Chris Sweeney
Chris Sweeney

Chris Sweeney is an author and columnist who has written for newspapers such as The Times, Daily Express, The Sun and Daily Record, along with several international-selling magazines. Follow him on Twitter @Writes_Sweeney

Chris Sweeney is an author and columnist who has written for newspapers such as The Times, Daily Express, The Sun and Daily Record, along with several international-selling magazines. Follow him on Twitter @Writes_Sweeney

Electric cars: If Sir James Dyson can't do it, what’s ‘paper billionaire’ Elon Musk hoping for?
The tech entrepreneur topping the UK’s rich list ditched his plans for an electric car, cutting £500 million of losses in the process. He says the idea is unfeasible – how, then, is Elon Musk’s Tesla working, and for how long?

Talk is cheap. Sir James Dyson confirmed that as he was unveiled this weekend as the richest person in Britain with a £16.2 billion fortune. The serial inventor forged his reputation with success stories like the bagless vacuum, the airblade hand dryer and the supersonic hair dryer.

But he's admitted defeat in his latest venture, the N526 – better known as the Dyson car. Despite earning £3.2 billion in the last 12 months alone, Sir James has flushed £500 million down the toilet by abandoning it.


It's a fully electric seven-seater SUV, with a range of 600 miles that can reach a top speed of 125mph. The wheels are bigger than any other production car and they, along with quiet-running tyres, provide an ultra-smooth and energy efficient ride. Its seats are specifically designed for comfort, plus the speed and sat-nav directions appear in front of the driver as a hologram.

So why has Dyson scrapped it?

Simply, it's too expensive for mass market penetration. To cover costs, its price tag would have to be £150,000.

Which poses a question about the most popular electric car currently whirring along some of the cities’ streets – Tesla, made by the bombastic Elon Musk.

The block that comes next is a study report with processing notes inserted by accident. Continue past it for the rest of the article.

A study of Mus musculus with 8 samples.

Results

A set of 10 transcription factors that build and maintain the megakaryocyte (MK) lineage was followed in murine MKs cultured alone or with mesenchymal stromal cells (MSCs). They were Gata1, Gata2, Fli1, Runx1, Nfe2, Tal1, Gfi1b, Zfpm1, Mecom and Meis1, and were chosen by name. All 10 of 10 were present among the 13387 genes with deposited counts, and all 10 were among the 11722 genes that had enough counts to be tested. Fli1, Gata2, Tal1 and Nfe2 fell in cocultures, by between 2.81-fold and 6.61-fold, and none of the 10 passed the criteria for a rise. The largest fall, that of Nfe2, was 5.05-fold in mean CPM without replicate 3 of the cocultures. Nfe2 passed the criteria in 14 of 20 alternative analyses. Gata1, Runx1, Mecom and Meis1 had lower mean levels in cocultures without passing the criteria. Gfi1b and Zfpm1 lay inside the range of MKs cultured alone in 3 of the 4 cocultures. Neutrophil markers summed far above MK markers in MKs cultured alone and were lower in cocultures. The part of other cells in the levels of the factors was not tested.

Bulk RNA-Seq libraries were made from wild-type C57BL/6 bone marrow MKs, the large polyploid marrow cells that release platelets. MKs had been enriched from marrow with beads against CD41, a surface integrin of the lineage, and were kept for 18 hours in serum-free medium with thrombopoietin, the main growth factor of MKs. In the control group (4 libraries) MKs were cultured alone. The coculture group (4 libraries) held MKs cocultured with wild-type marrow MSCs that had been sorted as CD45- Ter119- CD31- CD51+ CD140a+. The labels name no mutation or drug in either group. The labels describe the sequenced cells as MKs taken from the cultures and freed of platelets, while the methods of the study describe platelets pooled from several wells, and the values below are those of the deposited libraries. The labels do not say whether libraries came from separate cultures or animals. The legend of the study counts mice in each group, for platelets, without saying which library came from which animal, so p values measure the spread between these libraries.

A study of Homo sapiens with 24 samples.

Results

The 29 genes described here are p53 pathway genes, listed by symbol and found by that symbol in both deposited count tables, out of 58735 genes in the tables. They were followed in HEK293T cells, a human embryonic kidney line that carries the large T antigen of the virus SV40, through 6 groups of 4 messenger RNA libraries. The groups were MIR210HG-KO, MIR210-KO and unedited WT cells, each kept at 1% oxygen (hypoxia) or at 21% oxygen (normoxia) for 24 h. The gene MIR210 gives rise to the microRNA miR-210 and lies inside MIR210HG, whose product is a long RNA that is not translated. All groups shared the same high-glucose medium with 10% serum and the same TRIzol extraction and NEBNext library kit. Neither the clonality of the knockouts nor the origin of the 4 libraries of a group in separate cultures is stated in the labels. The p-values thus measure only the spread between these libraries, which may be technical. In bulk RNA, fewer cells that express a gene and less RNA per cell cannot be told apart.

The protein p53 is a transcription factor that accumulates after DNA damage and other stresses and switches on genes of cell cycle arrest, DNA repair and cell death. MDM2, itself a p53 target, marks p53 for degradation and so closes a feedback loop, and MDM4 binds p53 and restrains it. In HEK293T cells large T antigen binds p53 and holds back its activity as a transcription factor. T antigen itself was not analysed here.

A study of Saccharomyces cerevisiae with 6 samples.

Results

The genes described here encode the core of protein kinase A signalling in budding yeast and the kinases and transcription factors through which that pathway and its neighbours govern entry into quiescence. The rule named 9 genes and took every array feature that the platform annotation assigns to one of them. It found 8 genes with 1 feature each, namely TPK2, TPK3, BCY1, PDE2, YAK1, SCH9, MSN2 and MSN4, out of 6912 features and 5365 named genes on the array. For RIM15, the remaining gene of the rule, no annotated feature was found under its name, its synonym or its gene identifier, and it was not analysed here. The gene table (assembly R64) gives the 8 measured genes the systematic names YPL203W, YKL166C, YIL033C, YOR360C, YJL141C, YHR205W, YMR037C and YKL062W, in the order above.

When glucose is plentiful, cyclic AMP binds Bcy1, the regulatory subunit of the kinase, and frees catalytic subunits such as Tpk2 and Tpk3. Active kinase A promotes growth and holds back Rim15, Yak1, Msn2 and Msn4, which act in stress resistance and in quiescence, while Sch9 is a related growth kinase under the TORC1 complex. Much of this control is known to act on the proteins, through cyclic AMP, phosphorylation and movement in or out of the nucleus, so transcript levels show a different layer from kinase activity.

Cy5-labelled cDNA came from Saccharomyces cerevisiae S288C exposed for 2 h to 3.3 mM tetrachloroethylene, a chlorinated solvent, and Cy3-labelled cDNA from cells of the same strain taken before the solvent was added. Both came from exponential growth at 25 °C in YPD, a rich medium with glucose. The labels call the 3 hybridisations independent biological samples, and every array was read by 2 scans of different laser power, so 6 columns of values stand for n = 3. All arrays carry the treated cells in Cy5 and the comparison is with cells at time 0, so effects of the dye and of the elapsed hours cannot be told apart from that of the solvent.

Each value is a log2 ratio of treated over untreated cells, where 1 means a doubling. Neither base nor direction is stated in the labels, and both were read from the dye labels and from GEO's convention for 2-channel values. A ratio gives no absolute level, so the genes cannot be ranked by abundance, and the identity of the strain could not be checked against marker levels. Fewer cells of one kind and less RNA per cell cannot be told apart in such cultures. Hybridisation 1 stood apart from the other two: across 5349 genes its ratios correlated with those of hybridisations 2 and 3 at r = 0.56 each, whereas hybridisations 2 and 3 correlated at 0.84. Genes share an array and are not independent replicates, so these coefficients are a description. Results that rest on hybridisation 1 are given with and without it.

Dyson has a successful track record across several decades and has the wealth to back that success up.

Musk has no serious cash, his wealth coming from borrowing against the value of Tesla's stock, of which he owns 19 percent.

On the stock market Tesla is worth $97 billion, has never made a profit across any 12-month period and has burned through $19 billion of investment.

That's worrying enough, but guess what Elon's next move is?

To launch an SUV called the Cybertruck – the top of the range Tri Motor model has a similar level of performance to the Dyson. But even the most expensive model is two and a half times cheaper than what the Dyson would cost.

Musk has a massive ego – boosted a few levels when movie star Robert Downey Jr. picked his brains before he played superhero Iron Man, whose alter-ego is Musk-like creative genius Tony Stark.

But imagination is not intelligence. Dreaming up a fantastic product and selling it at a massive loss is not success.

The other side of this coin is the major car makers.

Does anyone seriously think they don't know what Elon Musk does about producing vehicles? The resources at their disposal are huge.

Last year, Tesla sold 367,500 cars. 

Toyota sold 10.74 million (it used to own shares and work with Tesla before cutting ties in 2017) and Volkswagen shifted more, 10.97 million.


Musk’s cars are popular because he has been disregarding financial sense. He's sold a dream scenario to middle-class consumers: to own a flashy car that is green.

That's until the money runs out – which it will.

The electric cars that make financial sense are BMW's i3 or Nissan's Leaf. Corporations like those can use their resources to subsidise the retail prices to make them attractive and they also have a scale that allows them to make savings that Tesla can't.

Sir James Dyson said: “When we started, it was viable. But when other companies started producing cars at a loss, it became too risky for us.”

As things stand, motorists have two choices. You can buy a car for a reasonable sum that has a range of options and level of style, but destroys the planet.

Or you can forget that and get a small, basic vehicle that is emission free.

Just don't fall for Elon Musk's snake oil salesman pitch of having both.

“If you can't spot the sucker in your first half hour at the table then you are the sucker” is a saying poker professionals often use to describe the game to rookies.

Dyson and the car manufacturers out there must be muttering something similar about Elon Musk and Tesla.